Australian optometrist Gary Rodney responded strongly to the results of Australia’s first survey on myopia treatment which showed that more than half the respondents are still only using single vision distance (full correction) glasses to treat myopia in children. And that they are not investigating newer treatments, despite indications that some, like Orthokeratology, are producing positive results in over 60% of cases.
Responding to the results of the world’s second survey on myopia management conducted by a team from Optometry Australia, the University of Melbourne Department of Optometry and Vision Sciences, and the Centre for Eye Research Australia, based on the first, and so-far only one of its kind, conducted back in 2016, Rodney said:
“Children with myopia, and their parents, should be made aware of all options available. Myopia is one of the most common eye problems currently facing both children and adults, and can lead to major problems and possible blindness in the elderly. Doors should be kept open to all methods of intervention to prevent this from happening,” Rodney said.
Every Second Person Could Have Myopia by 2050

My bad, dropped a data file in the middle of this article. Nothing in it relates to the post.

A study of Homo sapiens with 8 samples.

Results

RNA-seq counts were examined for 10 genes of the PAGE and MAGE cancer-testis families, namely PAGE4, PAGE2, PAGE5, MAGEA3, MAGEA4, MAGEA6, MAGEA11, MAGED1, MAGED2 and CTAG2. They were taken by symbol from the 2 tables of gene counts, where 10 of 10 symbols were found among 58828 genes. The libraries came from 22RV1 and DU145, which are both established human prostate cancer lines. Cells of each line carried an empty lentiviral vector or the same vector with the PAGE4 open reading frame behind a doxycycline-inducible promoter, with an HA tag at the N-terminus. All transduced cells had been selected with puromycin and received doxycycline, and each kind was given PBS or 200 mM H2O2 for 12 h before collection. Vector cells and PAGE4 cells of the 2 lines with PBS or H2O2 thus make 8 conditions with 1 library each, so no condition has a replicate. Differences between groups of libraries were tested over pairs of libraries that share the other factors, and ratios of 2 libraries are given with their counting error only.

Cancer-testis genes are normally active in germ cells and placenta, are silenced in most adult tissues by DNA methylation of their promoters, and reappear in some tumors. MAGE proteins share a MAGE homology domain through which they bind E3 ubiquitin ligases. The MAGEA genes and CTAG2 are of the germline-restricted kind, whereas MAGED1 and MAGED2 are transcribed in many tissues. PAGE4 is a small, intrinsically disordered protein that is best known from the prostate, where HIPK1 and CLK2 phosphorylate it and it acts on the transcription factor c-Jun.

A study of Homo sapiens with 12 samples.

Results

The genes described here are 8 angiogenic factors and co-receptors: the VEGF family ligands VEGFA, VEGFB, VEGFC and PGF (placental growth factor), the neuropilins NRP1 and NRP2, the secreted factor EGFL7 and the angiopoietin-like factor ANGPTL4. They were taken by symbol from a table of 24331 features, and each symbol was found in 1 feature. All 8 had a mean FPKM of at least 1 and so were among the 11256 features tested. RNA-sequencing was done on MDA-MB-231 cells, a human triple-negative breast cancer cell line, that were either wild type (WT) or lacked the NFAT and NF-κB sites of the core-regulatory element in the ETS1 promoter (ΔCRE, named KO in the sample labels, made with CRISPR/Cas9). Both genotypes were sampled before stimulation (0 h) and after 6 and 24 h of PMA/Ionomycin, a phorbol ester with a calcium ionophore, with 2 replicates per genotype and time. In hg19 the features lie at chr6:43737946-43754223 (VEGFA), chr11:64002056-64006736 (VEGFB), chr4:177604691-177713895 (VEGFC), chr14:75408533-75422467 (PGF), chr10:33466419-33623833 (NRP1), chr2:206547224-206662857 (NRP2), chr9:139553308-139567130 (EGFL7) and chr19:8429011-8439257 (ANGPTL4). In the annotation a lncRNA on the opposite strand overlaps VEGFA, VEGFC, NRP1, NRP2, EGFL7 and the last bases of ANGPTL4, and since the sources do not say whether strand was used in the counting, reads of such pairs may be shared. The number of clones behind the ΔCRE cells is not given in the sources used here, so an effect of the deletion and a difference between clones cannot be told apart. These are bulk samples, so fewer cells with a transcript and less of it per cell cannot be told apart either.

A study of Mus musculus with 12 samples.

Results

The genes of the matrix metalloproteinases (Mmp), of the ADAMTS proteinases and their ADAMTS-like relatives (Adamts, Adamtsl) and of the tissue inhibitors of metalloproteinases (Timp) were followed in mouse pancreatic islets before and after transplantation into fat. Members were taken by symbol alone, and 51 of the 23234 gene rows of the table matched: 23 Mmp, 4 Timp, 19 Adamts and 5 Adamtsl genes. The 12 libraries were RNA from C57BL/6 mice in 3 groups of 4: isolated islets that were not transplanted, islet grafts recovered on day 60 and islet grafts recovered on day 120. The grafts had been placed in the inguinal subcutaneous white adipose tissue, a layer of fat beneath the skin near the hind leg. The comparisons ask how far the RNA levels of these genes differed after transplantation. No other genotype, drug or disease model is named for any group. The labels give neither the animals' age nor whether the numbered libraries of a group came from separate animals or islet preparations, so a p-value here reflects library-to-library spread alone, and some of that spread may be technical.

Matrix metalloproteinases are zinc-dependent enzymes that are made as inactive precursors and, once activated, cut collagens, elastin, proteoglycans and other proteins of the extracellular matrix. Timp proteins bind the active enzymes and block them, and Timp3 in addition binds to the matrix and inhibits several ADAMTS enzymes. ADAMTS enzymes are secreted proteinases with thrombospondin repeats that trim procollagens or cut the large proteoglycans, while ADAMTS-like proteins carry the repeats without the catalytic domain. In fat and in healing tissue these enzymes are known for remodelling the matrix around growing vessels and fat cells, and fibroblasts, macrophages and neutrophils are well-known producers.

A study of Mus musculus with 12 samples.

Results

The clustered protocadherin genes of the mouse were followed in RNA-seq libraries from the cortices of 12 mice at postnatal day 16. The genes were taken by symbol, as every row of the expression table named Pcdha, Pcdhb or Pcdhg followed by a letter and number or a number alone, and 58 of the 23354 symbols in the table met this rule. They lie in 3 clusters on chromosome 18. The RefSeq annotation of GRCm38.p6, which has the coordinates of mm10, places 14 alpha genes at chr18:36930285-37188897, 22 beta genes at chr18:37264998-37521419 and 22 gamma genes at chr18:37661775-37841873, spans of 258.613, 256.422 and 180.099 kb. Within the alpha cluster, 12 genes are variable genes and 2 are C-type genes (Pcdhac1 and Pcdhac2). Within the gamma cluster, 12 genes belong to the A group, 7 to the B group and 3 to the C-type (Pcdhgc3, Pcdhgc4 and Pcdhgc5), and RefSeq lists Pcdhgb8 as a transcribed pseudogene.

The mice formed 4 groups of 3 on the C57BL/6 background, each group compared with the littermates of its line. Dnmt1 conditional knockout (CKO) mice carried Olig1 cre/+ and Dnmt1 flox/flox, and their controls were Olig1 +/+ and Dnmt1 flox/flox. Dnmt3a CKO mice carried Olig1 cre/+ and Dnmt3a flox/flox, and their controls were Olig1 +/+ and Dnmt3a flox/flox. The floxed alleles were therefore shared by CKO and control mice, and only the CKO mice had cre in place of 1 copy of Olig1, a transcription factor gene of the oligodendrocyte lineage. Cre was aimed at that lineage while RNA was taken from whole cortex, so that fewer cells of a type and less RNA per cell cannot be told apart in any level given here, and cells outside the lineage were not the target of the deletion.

The founder of Smart Vision said the “glasses only” response from such a large share of the Australian optometry sector, painted a worrying picture of myopia management in Australia. And this was particularly so in a world where the WHO foresees myopia affecting close on 5billion (or 52%) of the world’s population by 2050. This is double the number of people, or one in three of the global population, that statistics suggest are likely to be suffering from nearsightedness by the end of this year.
Rodney said it was also questionable why, in this scenario, more than half of Australian optometrists would choose to ignore ways of managing nearsightedness other than single vision glasses, while at the same time acknowledging the effectiveness of alternative treatments in their responses.
No Known cure, But Many Treatment Options
“As there is no known cure for myopia, all treatments, whether they involve single-vision or multifocal spectacles, contact lenses, special eye drops, or even the possibility of laser surgery, are aimed at trying to slow down myopia and its progression as children get older. And the best window of opportunity to do so is when they are young.
“For this reason all optometrists should be prepared and willing to explore the advantages and disadvantages of every methodology available, to determine which most benefits the child being treated,” he said.
Smart Vision Optometry clinics in Sydney focus on providing eye care for a number of vision problems with particular focus on children and myopia, and on determining the best treatment for each case. Visit the Smart Vision website: Optometrists Sydney: Optometry Services For Children and Adults | Smart Vision to find more information provided by the Smart Vision behavioural optometrists whose major focus is on the effects of perceptual and functional vision problems in children.